Introduction

“The Farmer’s Wife” is a poem about a woman’s grief, anger, and tribulations after her husband, who was a farmer, commits suicide. This poem also raises the importance of breaking stereotypes. The poet questions the culture views a woman as a burden and a dishonour.

Through the poem, P Latika Kumari challenges the existing male bigotry (prejudice). She points out to the long-held patriarchal attitude, as well as the privileges that come with it. She pledges to spend her life and fight against challenges with “the harvest of her womb.” She also pledges to instil in her children, the values and life skills that will prevent them from resorting to cowardly ways in the midst of any suffering.

About the Poet

P Lalita Kumari, a well-known Telugu writer, uses the pen name Volga (b.1950). She was born in Guntur, Andhra Pradesh. Her short stories, novels, and poems reflect eloquent feminist viewpoints without sacrificing literary style or failing to convey the characters’ reality. Her poetry makes extensive use of metaphor, which helps in the successful delivery of the message. 

Structure

The poem consists of non-rhyming lines, which closely reflect the natural rhythms of wife’s speech. Volga has thus, written the poem in free-verse with lines that do not follow a metrical scheme.

  • The poem is not divided into specific stanzas; however, the poem is explained in parts for an easier comprehension.

Part 1

You are virtuous and you are gone.
Poor sinner that I am remain 
Before your creditors. 
Unable to bend your head
Or stretch out your hand 
Or sell your crops 
You crossed over. 

The poem begins with a caustic remark about the deceased farmer being virtuous. Through the speaker’s words, the poet creates a sequence of contradictions. In the opinion of an orthodox society, the farmer’s widow says that he became virtuous by taking his life, but she remains a sinner. 

The farmer has managed to get away from his creditors and society. He had to bow his head with his hand spread in front of his creditors every time there was a crop failure, or he may sell his crops if he had any. However, he had now transcended over all of these possibilities.

Part 2

But I was born with a head bent 
A hand outstretched 
Not unused to being sold 
Knowing all this did you leave me? 
You found release with poison 
Poisoning my bitter existence 
The cotton crop is but yesterday’s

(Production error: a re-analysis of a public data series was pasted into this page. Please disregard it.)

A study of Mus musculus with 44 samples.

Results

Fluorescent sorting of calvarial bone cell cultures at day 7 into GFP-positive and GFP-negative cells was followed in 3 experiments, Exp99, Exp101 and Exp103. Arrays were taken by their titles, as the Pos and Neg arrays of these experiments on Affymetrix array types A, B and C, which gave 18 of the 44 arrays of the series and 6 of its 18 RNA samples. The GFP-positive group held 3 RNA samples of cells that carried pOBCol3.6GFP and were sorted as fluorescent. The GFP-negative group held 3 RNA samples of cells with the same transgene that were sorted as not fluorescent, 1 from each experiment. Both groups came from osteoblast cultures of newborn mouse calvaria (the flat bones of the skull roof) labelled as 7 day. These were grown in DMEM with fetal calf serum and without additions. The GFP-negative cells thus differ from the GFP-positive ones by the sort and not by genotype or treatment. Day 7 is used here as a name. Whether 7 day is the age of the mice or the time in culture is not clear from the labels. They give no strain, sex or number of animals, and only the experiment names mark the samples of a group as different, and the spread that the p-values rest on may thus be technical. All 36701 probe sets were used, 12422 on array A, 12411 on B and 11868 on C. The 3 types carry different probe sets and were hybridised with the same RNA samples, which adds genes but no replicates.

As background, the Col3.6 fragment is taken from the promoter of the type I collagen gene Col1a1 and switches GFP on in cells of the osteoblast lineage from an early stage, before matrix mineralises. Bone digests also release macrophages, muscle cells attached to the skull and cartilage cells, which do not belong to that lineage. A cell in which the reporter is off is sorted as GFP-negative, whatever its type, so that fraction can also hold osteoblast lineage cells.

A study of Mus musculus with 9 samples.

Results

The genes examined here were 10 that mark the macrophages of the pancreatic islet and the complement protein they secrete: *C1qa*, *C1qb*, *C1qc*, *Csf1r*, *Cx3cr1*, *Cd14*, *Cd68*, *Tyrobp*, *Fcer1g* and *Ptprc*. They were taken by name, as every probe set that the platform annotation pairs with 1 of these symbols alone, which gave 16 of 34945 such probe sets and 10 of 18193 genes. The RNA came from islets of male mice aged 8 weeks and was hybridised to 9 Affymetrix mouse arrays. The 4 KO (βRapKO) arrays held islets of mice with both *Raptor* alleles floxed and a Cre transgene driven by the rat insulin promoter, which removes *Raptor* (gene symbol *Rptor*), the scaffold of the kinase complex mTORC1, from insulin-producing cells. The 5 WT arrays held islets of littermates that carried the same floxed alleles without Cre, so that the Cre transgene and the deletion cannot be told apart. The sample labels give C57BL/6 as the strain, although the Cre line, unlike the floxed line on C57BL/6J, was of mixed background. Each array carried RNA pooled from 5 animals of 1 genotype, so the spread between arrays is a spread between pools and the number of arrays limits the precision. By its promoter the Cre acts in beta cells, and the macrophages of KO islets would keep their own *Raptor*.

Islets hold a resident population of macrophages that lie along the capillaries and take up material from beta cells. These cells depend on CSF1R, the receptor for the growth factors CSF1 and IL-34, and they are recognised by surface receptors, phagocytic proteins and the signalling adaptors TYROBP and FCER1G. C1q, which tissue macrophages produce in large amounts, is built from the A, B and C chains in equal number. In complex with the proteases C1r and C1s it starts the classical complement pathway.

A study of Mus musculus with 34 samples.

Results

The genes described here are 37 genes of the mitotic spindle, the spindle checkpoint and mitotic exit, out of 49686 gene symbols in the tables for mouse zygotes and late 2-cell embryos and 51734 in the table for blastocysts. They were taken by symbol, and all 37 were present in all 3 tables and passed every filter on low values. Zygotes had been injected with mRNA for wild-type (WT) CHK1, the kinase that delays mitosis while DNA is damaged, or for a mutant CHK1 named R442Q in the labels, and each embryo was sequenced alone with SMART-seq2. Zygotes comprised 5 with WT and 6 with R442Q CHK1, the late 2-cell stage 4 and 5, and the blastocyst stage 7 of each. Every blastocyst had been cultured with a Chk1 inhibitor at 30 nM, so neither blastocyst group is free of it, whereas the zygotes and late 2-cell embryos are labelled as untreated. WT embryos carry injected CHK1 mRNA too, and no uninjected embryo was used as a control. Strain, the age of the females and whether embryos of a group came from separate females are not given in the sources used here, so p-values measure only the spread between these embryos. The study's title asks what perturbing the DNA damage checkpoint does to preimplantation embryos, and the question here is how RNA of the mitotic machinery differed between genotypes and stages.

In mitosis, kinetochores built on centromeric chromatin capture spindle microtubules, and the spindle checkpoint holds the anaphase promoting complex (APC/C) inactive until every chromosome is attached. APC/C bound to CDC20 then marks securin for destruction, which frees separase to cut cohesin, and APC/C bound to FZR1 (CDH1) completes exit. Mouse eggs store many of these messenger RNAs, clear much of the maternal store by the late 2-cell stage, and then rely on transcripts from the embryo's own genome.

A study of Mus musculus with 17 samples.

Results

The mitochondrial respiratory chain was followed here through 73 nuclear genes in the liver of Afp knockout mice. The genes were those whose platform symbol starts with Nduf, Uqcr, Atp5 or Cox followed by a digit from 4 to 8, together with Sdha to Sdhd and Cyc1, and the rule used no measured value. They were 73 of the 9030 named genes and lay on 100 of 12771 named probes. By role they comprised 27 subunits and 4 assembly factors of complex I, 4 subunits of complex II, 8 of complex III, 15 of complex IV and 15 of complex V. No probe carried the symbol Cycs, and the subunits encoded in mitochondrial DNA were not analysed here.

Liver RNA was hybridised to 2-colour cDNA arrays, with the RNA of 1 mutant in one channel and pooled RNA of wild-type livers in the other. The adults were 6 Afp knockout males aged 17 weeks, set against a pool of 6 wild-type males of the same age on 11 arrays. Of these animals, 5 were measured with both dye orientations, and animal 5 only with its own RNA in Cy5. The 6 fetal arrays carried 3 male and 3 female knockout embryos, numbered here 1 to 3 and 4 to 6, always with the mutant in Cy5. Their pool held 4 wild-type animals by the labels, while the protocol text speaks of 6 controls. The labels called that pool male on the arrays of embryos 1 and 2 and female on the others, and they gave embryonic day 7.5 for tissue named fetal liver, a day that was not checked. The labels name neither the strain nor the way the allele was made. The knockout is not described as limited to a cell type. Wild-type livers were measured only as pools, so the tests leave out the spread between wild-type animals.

But our family?
How often have I drowned in it 
How many times have I escaped death 
Whether you abused or reviled me 
Kicked me when you were drunk 
I thought, he is but a man 
Little did I dream you would deal
Me a death blow like this!

The poem initially criticizes the farmer for his desperate decision. It eventually shifts to a feminist tone because the androcentric society would not celebrate the birth of a girl child. The farmer’s wife depicts herself as a little girl, born with her head bowed and her hand stretched. Not only does the wife question her husband, but also the system, which would not approve of a widow, facing the society on her own. She wonders how her husband could undertake such a step, despite being completely aware that his absence would put his reliant family in jeopardy.

She adds that the cotton harvest is just a few days old, but that their family must live longer. She also admits that she has had difficult times, but she would never consider taking drastic steps. He had repeatedly mistreated, abused and insulted her, but because of the bastion of male chauvinism in the society, she believed it was acceptable for a man to do so! However, she had never anticipated his suicide.

Part 3

True, the crop was gone
The debt remained 
Our dignity hit the dust
Our hearts turned to water 
But how did you imagine 
My back would bear the burden of four children?
You saw your crop destroyed 
What of the harvest of my womb? 
Can I leave them to the wind
Like worm-eaten cotton pods?
It takes a moment to die
But open your mouth and ask 
What of this? 
Why is this?
Needs a firm heart.
To teach my children 
To clench a fist 
Not merely for a handful of rice
But in battle
I must live 
I must embrace life not death 
Embrace life and the struggle for life.

Now that her husband has committed suicide, her life is just a miserable existence, with no crops, outstanding debts, and her dignity in ashes (hit the dust). There are four children who cannot be abandoned to the wind. This stance upsets the farmer’s wife immensely. She adds that it only takes a second to think of extremes, but it takes a brave heart to confront life. She is adamant on becoming a brave person.

After all, she believes in educating her children and teaching them life lessons rather than raising them to be cowards. In any situation, they will not outstretch their hands in search of sympathy, but they will succeed in all the challenges they face. The poem ends with a lovely message on how life is a great gift. It is meant to be enjoyed.

Conclusion

As a result, the poem is both a tribute to the woman’s fearless spirit and an appeal to the despairing not to give up. Death, the poem implies, is not the remedy, but rather a convenient escape for those like the woman’s husband. As a result, she is determined to live life to the fullest.